That night in our 8-person hostel room we barely slept. We were already a day behind on our itinerary, I had a flight in just a few days that was several hundred miles drive away, and the storm outside sounded as bad as any typhoon or hurricane I’d been in. I’m guessing that mostly in reaction to complaints they’d received from travellers whose plans were ruined more than ours, the ferry did operate in the morning, but it probably should not have. I should have known we were in trouble when I tried to buy a coffee from the snack bar on board the ferry, and the lady refused to sell it to me on the grounds that I’d be puking it up in 10 minutes anyway. At first it was exciting, like a roller coaster, the way the ferry travelled up one side of each wave and then crashed down on the other. Then, in about 5 minutes, faces starting going pale. By the 10 minute mark, people were vomiting into little paper bags in every direction. After an hour, legs were not very steady as people stumbled off the ferry. Angela and I didn’t get sick, but I wouldn’t say we were very well either.
The weather finally cleared as we started our drive down the Great Ocean Road from Adelaide. Just before dark, we did stumble upon Larry the Lobster, an Australian icon, which was a treat.
As we began to set up camp in a rest area down a long, quiet road, it began sprinkling a bit. Since we didn’t think anyone would notice, we just moved our tents under the picnic enclosure, and climbed inside for 4 hours of gin rummy and wine. Some time during our games, the wind began to pick up, and it began to rain harder. We had another sleepless night as we lay there wondering if the car was going to blow away.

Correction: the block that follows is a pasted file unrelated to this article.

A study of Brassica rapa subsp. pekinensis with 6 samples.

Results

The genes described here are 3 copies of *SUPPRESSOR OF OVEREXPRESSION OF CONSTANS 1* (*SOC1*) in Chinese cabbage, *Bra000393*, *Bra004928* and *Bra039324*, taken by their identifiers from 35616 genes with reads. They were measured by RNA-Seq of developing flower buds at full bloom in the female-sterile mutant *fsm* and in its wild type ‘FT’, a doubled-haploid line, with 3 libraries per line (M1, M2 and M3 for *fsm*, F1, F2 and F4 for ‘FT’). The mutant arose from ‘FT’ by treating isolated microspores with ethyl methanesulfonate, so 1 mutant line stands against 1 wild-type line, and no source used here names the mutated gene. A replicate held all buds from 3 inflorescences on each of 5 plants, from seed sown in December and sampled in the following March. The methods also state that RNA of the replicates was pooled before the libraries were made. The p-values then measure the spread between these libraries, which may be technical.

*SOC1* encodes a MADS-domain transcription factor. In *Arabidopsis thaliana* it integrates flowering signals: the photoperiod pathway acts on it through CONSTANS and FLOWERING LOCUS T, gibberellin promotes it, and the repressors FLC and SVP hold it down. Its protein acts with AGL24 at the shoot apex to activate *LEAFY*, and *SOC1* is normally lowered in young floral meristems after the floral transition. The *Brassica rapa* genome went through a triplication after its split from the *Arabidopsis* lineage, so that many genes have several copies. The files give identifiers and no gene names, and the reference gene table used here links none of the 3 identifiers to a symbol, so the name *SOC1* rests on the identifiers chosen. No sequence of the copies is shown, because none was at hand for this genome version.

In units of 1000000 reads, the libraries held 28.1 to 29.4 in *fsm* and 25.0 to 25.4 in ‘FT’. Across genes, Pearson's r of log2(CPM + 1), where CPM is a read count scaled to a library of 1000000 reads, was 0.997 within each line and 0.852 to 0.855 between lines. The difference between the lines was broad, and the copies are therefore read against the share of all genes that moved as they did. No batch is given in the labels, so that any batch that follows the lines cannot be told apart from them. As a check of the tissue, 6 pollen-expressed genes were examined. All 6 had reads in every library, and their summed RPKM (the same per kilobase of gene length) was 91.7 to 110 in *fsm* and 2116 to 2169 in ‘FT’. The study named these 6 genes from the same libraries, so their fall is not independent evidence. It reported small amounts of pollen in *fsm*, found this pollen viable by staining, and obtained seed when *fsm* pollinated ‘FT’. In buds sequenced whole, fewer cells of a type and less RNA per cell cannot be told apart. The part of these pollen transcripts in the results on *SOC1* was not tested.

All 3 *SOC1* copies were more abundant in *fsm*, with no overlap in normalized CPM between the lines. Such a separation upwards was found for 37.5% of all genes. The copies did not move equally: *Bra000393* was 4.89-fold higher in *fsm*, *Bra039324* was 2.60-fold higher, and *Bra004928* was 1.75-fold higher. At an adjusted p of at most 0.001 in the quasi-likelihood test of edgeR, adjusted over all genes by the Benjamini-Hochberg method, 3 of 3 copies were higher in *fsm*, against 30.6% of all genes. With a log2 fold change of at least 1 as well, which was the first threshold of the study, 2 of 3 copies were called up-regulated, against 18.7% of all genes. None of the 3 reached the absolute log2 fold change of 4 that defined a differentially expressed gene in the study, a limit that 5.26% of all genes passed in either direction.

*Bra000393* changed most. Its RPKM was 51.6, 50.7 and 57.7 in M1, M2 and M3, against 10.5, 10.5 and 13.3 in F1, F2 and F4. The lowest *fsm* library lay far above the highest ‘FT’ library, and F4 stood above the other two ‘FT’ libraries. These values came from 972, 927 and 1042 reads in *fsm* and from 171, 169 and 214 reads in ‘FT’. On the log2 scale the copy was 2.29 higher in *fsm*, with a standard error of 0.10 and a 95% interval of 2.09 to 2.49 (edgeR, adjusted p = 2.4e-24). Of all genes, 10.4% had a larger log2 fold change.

By the next morning it had cleared, and we continued down the road to Mount Gambier, a beautiful little town with some very blue crater lakes and the nicest public park I’ve ever seen in a small town, made even nicer by the fact that it was centred around a sinkhole that had been used as a trash pit and used car lot in the past. That evening, as it began sprinkling, we found another out of the way picnic area to camp in and began round two of the gin rummy championship.
The final day of our trip was as good as any day we’d had along the way, most of it spent driving along the rocky southern coast of Australia. In the morning we visited the site of an old shipwreck and the famous 12 Apostles rock formation.
In the afternoon, we spotted several whales who had come in close to the shore with their calves and stopped in at Bells Beach, home of the most famous surf competition in Australia.
Following the pattern we had begun to expect, the rain started in the early afternoon as raced to return the rental car several hours late. I made my flight just in time after leaving Angela and Dylan standing in the rain in Melbourne with no idea where they might sleep that night. But after almost a month together on the road, I knew they’d figure it out.